Holiday treats: Turkey, pumpkin pie and football


The Naugatuck Valley League has seen its share of games played over the past century that have left their marks on the legacy of high school football in Connecticut. In 1939, the very first holiday football game was played at Municipal Stadium in Waterbury, a game that drew over 9,000 fans to watch the Wilby Wildcats battle the Crosby Bulldogs to a 13-13 draw.

More recently, there have been games on Thanksgiving Day that have changed the momentum of the holiday classics.

In 1987, Torrington outlasted Watertown, 49-43, in a shootout as the Raiders’ Dave Holliday rushed for over 400 yards and six touchdowns, outdueling Watertown quarterback Rico Brogna, who threw for over 400 yards and six touchdowns.

Brogna passed up a full-ride football scholarship at Clemson and went on to play professional baseball for the Tigers, Mets, Phillies, and Red Sox.

The next year, Sacred Heart held on to a 28-27 win over Wilby by stopping a two-point conversion and went on to win the Class SS state championship.

In 2005, Kennedy ended a 43-game losing streak by defeating Crosby, 20-14.

The year after, Mitch Vasquez recovered a fumble in the end zone for the only score of the game in an 8-0 Watertown victory over Torrington.

The Seymour-Woodland rivalry has witnessed a few classics of its own but nothing can compare to the foggy affair at DeBarber Field in 2007. You could barely make out the line judges on the field as a Seymour runner would emerge from the far side of the field in a virtual cloud under the lights.

Seymour went on to win the football game by a foggy, 36-35 margin and then had to play Woodland again in the state playoffs the following week at Municipal Stadium.
On the Naugatuck-Ansonia side of things, there have been more than a few games that are still talked about till this day.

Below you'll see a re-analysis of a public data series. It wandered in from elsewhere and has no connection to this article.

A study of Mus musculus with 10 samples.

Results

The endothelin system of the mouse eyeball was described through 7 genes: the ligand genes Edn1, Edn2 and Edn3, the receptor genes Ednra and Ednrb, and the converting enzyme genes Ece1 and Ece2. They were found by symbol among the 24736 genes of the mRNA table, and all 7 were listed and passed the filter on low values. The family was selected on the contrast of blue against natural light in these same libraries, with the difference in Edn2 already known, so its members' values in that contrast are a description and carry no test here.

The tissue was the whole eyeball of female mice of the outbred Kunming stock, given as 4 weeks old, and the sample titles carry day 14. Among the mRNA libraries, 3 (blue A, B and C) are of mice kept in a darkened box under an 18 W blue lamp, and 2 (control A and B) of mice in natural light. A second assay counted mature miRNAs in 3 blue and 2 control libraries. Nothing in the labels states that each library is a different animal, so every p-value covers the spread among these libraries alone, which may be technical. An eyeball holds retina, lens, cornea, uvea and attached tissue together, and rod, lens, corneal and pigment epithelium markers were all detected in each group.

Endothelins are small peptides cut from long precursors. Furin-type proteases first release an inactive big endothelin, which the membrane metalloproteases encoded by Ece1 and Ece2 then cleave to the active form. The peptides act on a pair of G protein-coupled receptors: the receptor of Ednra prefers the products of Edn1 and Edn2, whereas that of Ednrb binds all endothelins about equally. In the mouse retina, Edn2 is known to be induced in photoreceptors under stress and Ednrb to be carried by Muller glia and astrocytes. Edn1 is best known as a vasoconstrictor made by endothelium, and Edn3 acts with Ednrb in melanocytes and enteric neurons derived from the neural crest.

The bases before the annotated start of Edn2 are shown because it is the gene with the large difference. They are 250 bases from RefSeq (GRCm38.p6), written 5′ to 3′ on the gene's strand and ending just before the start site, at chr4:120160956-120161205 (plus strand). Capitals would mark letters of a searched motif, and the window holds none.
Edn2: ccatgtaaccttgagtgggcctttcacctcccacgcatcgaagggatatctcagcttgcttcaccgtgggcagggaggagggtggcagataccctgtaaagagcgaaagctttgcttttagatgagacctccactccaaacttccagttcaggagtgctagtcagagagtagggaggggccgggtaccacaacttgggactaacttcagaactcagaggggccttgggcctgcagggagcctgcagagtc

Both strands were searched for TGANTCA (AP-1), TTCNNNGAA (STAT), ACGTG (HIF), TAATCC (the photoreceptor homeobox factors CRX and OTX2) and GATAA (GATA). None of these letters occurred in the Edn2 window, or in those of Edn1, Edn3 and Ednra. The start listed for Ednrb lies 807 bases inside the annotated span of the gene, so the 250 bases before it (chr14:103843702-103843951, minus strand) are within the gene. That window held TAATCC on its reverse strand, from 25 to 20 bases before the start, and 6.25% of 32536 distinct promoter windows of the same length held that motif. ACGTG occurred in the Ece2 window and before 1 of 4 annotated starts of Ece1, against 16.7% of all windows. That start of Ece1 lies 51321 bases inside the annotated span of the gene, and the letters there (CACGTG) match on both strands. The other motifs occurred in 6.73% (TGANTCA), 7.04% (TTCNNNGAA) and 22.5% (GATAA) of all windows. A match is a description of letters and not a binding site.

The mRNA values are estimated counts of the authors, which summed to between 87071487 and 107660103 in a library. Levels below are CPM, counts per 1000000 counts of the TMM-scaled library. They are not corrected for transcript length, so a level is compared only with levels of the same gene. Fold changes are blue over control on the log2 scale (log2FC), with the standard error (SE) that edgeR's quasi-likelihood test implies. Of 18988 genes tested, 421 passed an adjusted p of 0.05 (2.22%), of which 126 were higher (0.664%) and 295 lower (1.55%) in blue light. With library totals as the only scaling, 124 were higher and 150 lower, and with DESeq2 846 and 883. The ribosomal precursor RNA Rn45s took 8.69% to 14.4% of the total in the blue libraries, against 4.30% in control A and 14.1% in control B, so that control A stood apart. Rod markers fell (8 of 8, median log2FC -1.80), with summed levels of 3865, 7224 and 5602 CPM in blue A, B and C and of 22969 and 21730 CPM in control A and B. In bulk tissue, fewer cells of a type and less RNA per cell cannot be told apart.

Sandy Osiecki scored the only rushing touchdown of his career in the 1978 game that propelled the Chargers to a slim, 14-7 win over the Hounds to win an NVL title. Osiecki went on to quarterback the Kansas City Chiefs in the NFL.

In 1981, the Greyhounds defeated Ansonia, 24-20, ending an unprecedented, 64-game win streak by the Chargers. The Hounds went on to win the state championship and were voted the No. 1 team in New England.

In 1993, Naugatuck went on to win its second state championship after stopping a six-game Thanksgiving Day winning streak by the Chargers by a convincing, 22-0 margin.
The 1994 game went down as one of the games of the century as the Chargers prevailed, 28-21, in a double-overtime thriller. Joe Edmunds took a lateral from Josh Sanford with time running out to score a touchdown with less than a minute to play.
Fans had already left Jarvis Field and had to turn around and come back after Dan Conklin scored the two-point conversion that tied the game. Ansonia prevailed for another NVL championship and the legend of this series grew.

In 2000, the Chargers did it again when Craig Behun booted a 19-yard field goal in the second overtime to pull out a 15-12 win and another NVL title.

The last time Naugatuck defeated Ansonia in this storied rivalry came in 2001 during the Greyhounds’ first season under head coach Rob Plasky, who took over for Craig Peters after his 27 years at the helm.

The 14-13 win over Ansonia sent Naugatuck to the state playoffs after it secured the NVL championship with a perfect, 10-0 record.

Jack Hunt coached his final Thanksgiving Day game in 2005, ending a 19-year career with a convincing, 33-7 victory.

Thanksgiving is filled with football memories and if your plate isn’t full enough, the NFL has added to the festivities by playing three games on the holiday. But I just don’t understand the matchups.

How did the Detroit Lions become the poster child for Thanksgiving Day football? Thanksgiving is a reminder of the Pilgrims and the Indians coming together as one spirit of humanity. Where do Lions come into that picture?

I can understand the Patriots playing the Chiefs or the Redskins playing the Cowboys. There are other teams that warrant being on the agenda: The Bills, 49ers, Vikings, Falcons, Eagles, and maybe the Bears. But in recent years we have witnessed the Dolphins on Turkey Day. What do Dolphins have to do with the first Thanksgiving celebrated in America?

Just asking. Give me, turkey, stuffing, pumpkin pie, and gravy to go along with a good old-fashioned Redskins-Cowboys game on Thanksgiving Day.